Cindy McCain's Half Sister 'Angry' She's Hidden Although Cindy McCain has publicly said she's an only child, she has a half sister. Kathleen Hensley Portalski and her son, Nicholas, say they're hurt that they've never been recognized — and that they didn't receive any part of Jim Hensley's estate.


Cindy McCain's Half Sister 'Angry' She's Hidden


Mr. NICHOLAS PORTALSKI (Listener): We were listening to the piece about Cindy McCain on NPR, ALL THINGS CONSIDERED, and it just struck us very hard.

SIMON: That's because Nicholas Portalski's mother, Kathleen, is another daughter of Jim Hensley. NPR's Ted Robbins takes it from there.

TED ROBBINS: The Portalski family is accustomed to hearing Cindy McCain described as the only child of Jim Hensley. She's been described that way by news organizations from the New Yorker and the New York Times to Newsweek and ABC. Cindy McCain herself routinely uses the phrase only child, as she did here on CNN last month.

Ms. CINDY McCAIN (Wife of John McCain): I grew up with my dad. I'm an only child. And my father was a cowboy, and he really loved me very much, but I think he wanted a son occasionally.

ROBBINS: Cindy McCain's father was also a businessman and twice a father. Kathleen Hensley Portalski is his other daughter.

Ms. KATHLEEN HENSLEY PORTALSKI (Daughter of Jim Hensley): I'm upset. I'm angry. It makes me feel like a non-person, kind of.

ROBBINS: Documents show Kathleen Anne Hensley was born to Jim and Mary Jeanne Hensley on February 23, 1943. They'd been married for six years when Kathleen was born.

Jim Hensley was a bombardier on a B-17, flying over Europe during World War II. He was injured and sent to a facility in West Virginia to recuperate. There, while still married to Mary Jeanne, Hensley met another woman, Marguerite Smith. Jim divorced Mary Jeanne and married Marguerite in 1945.

Cindy Lou Hensley was born nine years later, in 1954. She may have grown up as an only child, but so did her half sister Kathleen, raised by a single parent. Kathleen says she did see her father and her half sister, Cindy, from time to time.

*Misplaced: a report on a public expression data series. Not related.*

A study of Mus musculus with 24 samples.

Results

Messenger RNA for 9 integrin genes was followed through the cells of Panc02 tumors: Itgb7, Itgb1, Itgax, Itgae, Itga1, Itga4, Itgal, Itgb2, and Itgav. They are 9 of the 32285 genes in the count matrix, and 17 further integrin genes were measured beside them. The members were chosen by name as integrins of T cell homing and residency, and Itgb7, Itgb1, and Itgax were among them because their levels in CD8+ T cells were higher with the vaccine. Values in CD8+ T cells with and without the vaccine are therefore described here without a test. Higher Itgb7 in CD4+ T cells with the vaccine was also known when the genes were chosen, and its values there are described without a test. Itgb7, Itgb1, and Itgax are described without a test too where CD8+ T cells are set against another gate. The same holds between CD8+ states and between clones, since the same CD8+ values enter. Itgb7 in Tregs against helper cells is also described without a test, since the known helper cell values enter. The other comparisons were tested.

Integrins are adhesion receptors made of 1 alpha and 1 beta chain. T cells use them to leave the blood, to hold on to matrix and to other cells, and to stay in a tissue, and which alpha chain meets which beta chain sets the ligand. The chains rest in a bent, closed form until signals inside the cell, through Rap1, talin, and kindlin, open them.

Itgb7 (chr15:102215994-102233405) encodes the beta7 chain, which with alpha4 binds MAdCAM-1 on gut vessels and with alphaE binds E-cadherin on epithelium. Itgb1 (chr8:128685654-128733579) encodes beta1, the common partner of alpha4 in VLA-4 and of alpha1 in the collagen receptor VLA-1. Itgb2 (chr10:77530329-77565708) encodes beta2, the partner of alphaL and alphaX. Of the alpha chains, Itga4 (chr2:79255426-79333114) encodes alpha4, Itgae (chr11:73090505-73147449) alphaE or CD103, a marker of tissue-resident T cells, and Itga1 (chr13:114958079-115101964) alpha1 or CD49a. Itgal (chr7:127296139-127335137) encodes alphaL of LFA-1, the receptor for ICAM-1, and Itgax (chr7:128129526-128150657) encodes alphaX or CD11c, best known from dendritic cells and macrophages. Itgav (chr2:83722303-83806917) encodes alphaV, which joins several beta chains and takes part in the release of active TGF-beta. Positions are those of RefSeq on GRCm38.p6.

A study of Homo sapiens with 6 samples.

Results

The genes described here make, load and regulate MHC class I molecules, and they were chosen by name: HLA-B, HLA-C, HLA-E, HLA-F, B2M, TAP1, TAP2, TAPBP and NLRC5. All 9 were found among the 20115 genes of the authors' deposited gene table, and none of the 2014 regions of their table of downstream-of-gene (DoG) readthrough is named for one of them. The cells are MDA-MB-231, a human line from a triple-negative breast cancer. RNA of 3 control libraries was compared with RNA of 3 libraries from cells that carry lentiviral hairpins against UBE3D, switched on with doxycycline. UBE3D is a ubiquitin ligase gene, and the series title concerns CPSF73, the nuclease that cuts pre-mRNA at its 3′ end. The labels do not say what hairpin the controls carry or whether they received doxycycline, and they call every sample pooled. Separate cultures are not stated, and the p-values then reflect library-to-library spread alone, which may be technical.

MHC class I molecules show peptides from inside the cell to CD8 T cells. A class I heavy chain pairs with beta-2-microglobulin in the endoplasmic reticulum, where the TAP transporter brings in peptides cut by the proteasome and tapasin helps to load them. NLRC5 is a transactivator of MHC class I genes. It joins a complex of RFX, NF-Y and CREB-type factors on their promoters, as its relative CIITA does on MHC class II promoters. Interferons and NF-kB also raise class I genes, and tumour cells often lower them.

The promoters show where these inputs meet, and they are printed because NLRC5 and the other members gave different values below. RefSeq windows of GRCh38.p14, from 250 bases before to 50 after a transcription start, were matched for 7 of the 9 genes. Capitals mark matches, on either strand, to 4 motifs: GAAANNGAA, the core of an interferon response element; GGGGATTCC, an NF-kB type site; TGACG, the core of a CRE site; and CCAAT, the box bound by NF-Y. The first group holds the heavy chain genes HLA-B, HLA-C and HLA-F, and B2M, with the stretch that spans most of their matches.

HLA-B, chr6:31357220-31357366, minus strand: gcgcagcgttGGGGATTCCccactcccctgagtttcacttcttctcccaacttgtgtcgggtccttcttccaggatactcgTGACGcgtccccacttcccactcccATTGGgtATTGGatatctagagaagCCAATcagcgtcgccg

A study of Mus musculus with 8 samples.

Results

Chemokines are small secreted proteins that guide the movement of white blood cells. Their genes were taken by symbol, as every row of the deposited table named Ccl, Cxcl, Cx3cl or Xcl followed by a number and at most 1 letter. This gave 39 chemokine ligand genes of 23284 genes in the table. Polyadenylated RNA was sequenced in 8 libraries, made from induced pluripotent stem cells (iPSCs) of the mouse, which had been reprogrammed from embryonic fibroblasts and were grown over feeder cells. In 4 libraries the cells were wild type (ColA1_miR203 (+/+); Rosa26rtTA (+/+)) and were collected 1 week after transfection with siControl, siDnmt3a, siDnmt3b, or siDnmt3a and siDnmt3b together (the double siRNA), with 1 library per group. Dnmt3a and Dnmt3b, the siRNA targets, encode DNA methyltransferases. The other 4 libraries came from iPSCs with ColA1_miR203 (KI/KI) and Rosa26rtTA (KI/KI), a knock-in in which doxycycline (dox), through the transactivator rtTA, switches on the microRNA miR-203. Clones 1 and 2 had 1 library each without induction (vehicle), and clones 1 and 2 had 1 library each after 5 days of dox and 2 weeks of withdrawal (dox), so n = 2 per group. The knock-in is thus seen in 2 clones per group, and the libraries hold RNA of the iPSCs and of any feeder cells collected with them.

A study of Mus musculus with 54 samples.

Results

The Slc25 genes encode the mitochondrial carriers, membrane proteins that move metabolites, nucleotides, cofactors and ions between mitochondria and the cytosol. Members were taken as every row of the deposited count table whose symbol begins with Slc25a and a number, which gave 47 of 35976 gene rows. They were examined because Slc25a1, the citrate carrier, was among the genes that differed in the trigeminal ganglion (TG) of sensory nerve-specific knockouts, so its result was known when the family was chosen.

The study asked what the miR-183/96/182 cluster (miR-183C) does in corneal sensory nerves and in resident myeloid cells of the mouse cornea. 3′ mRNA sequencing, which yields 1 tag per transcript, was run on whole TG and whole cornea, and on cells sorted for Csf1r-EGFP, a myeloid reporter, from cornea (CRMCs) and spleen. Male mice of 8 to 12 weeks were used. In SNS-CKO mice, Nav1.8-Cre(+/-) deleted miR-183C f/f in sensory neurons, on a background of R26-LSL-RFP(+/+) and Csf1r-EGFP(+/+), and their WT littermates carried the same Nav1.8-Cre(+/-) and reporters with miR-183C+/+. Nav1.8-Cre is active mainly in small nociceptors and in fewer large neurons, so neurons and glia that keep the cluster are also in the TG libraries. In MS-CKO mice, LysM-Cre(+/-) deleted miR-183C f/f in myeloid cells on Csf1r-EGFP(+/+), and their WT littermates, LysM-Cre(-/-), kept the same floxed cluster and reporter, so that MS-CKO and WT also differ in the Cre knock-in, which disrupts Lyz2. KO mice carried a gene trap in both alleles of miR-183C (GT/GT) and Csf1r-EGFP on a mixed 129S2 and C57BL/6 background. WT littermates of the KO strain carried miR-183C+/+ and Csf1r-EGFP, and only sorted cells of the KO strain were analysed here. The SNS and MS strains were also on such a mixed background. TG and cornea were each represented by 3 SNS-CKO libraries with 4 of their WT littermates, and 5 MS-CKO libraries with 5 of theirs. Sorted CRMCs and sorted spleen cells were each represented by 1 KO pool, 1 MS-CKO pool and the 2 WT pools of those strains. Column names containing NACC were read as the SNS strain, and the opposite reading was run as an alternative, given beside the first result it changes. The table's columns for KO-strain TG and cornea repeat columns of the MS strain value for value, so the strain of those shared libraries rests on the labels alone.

Ms. PORTALSKI: I saw him at Christmas and birthdays, and he provided money for school clothes, and he called occasionally.

ROBBINS: Jim Hensley also provided credit cards, college tuition for his grandchildren, as well as $10,000 gifts to Kathleen and her husband, Stanley Portalski. That lasted a decade, they say. By then, Jim Hensley had built Hensley and Company into one of the largest beer distributorships in the country. He was worth tens, if not hundreds, of millions of dollars.

When he died in 2000, his will named not only Kathleen but a daughter of his wife Marguerite's from her earlier marriage. So Cindy McCain may be the only product of Jim and Marguerite's marriage, but she is not the only child of either. She was, however, the sole inheritor of his considerable estate.

Kathleen Portalski was left $10,000. Her children were left nothing, a fact Nick Portalski says his sister found out the hard way.

Mr. PORTALSKI: What she found in town on the day of or the day before or the day after his funeral was that the credit card didn't work anymore.

ROBBINS: The Portalskis live in a modest home in central Phoenix. Kathleen is retired, as is her husband. Her son, Nicholas, is a firefighter and EMT looking for work. They say it would have been nice if they were left some of the Hensley fortune. They also say they are Democrats, but Nicholas Portalski says he had another reason for coming forward.

Mr. PORTALSKI: The fact that we've never been recognized, and then Cindy has to put such a fine point on it by saying something that's not true, recently, again and again. It's just very, very hurtful.

ROBBINS: Kathleen Portalski says she'd like an acknowledgment and an apology. We asked the McCain campaign and specifically Cindy McCain to comment or respond. We received no reply. Ted Robbins, NPR News, Tucson.